People who hate gun violence should move to a community with a high rate of gun ownership.
That’s the counterintuitive takeaway of a new analysis of murder in the United States.
John Lott’s Crime Prevention Center looked at violence in the U.S. Most murders take place in two percent of counties. More than half of counties registered zero murders. Places with high gun ownership rates tended to boast few murders. Places with high murder rates tended toward low gun ownership rates.
“It just so happens that the counties that have zero murders have by far the highest gun ownership rates,” Lott explains to The American Spectator. “The gun ownership rates in those more rural parts of the country are about 111 percent higher than the gun ownership rates in the urban areas that have the highest murder rates.”
Surely other factors, such as population density, demographics (particularly age and sex), and economics, impact murder rates. But whether local laws and customs favor or frown upon private ownership of guns looks like a clear influence, too.
The findings reinforce the thesis of Lott’s nearly 20-year-old book, More Guns, Less Crime: Understanding Crime and Gun Control. Therein Lott writes that “criminals as a group tend to behave rationally — when crime becomes more difficult, less crime is committed. Higher arrest and conviction rates dramatically reduce crime. Criminals also move out of jurisdictions in which criminal deterrence increases. Yet criminals respond to more than just the actions taken by the police and the courts. Citizens can take private actions that also deter crime. Allowing citizens to carry concealed handguns reduces violent crimes, and the reductions coincide very closely with the number of concealed-handgun permits issued. Mass shootings in public places are reduced when law-abiding citizens are allowed to carry concealed handguns.”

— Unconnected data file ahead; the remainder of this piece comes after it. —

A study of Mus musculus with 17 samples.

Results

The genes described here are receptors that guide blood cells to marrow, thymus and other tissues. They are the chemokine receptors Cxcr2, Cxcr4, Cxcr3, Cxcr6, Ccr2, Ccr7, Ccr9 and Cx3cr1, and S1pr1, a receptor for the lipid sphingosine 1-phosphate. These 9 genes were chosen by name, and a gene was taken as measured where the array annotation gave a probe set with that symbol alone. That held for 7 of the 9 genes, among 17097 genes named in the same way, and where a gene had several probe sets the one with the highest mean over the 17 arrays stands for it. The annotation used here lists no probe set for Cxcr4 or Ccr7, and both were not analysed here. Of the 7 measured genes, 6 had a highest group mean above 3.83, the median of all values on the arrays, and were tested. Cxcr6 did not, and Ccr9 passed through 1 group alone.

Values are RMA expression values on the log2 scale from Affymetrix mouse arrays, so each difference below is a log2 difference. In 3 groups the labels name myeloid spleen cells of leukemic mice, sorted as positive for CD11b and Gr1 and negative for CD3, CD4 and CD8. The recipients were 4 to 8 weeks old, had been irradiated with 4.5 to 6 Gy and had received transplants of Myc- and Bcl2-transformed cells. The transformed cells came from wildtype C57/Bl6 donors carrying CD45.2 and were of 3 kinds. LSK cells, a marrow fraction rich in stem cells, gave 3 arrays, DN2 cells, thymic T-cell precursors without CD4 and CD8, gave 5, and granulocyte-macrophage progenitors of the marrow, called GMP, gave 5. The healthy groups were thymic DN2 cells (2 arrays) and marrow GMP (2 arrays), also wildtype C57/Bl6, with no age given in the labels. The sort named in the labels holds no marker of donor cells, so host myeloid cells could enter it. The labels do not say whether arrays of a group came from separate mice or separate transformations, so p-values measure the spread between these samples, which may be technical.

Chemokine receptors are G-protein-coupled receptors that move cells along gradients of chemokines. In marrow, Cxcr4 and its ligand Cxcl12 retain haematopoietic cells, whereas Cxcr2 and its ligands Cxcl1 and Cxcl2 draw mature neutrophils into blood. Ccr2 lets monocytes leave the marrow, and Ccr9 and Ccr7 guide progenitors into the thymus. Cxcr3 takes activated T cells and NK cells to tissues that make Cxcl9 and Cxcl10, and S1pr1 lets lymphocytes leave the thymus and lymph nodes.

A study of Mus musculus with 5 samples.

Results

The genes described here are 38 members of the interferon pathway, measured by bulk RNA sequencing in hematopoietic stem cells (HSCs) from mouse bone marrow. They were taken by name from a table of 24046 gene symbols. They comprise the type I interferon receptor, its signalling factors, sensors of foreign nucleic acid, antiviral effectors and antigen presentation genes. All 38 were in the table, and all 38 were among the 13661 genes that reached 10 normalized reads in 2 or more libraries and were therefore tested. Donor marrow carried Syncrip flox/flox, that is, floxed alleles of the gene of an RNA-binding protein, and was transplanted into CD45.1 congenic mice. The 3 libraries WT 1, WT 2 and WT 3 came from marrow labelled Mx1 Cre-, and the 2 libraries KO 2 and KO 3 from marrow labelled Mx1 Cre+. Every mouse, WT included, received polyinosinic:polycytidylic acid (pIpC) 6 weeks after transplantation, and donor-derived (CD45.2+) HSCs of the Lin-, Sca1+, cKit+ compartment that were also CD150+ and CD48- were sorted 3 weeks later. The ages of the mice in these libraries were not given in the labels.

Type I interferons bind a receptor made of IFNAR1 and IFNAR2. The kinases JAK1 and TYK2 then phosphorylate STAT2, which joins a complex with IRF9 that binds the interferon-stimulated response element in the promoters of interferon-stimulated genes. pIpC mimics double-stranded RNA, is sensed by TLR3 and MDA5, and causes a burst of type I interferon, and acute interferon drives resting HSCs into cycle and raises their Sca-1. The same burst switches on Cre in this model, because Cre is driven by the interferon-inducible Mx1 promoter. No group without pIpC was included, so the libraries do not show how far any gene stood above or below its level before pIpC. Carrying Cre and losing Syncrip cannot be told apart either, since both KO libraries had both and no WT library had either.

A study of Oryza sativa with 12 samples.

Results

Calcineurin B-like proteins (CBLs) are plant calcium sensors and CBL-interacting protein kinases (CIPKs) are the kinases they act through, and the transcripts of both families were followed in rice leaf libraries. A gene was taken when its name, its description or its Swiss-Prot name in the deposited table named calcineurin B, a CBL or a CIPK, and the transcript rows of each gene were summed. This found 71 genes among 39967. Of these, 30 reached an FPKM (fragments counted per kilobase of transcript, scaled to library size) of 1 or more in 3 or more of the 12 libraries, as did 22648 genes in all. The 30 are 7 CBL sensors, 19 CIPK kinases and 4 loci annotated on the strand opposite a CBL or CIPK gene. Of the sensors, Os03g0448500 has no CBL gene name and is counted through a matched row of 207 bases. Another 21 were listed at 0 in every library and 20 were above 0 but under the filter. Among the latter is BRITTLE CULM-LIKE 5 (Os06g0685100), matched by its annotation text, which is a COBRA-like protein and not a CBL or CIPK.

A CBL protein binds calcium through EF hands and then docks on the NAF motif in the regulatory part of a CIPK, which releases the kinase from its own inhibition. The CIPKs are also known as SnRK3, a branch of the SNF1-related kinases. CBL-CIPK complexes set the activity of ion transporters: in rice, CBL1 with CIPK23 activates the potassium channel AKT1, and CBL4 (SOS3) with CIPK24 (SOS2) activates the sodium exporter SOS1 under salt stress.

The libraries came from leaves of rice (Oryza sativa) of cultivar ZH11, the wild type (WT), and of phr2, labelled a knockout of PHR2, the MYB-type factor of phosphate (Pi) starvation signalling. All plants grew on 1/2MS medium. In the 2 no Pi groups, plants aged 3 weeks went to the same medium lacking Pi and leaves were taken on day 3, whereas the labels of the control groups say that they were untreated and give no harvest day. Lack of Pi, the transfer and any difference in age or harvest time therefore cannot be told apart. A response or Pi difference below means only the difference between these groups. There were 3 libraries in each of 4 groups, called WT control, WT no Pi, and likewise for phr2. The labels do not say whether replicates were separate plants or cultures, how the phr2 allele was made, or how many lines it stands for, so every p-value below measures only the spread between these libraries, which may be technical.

One can reject why communities embracing gun control face elevated murder rates. But the fact of it remains more difficult to dismiss.
The words of California’s lieutenant governor put him firmly in the fewer-guns-less-crime camp.
“Hey @NRA-the people of CA have already spoken,” Gavin Newsom tweeted this week. “Loudly. We reject your $ driven agenda. We’re focused on saving lives.”
The social-media blast refers to the National Rifle Association’s legal pushback against a Golden State “assault weapons” (redundancy?) ban and prohibition of magazine clips holding more than ten rounds. The group supports a lawsuit seeking to overturn various California gun laws.
Like subsidies for higher education or health care that perversely justify themselves by their failure to rein-in costs, gun control gains popularity as a result of its ineffectiveness. The higher the number of murders, the louder the cries for gun control. Citizens in Detroit, Chicago, and Washington, D.C., face restrictive gun-control laws. Yet, their murder rates remain consistently high and gun control remains consistently popular among the denizens.
“The confusion is that they think that if they pass some gun control legislation, then they will take guns away from criminals,” Lott says of the California anti-gun activists. “In fact, the opposite is true. When you primarily disarm the most law-abiding citizens, you see increases in murder rates and the most violent crimes.”
One pernicious byproduct of a soft-on-crime approach involves the refusal to see criminals as, well, criminals. Their circumstances, an extreme manifestation of this view holds, make them as much the victim as their victims. So, rather than lock up the perpetrators, they seek a lockdown on the inanimate objects symbolically, and substantively, tethered to them. This makes the advocates of this theory feel good. But it makes real victims feel shot.
Clichés don’t kill thought, bad writers do. With that in mind, pick your bumper-sticker wisdom: guns don’t kill people, people do, when guns are outlawed, only outlaws will have guns, if guns cause crime, then matches cause arson, etc.
Trite phrases sometimes tell a truth.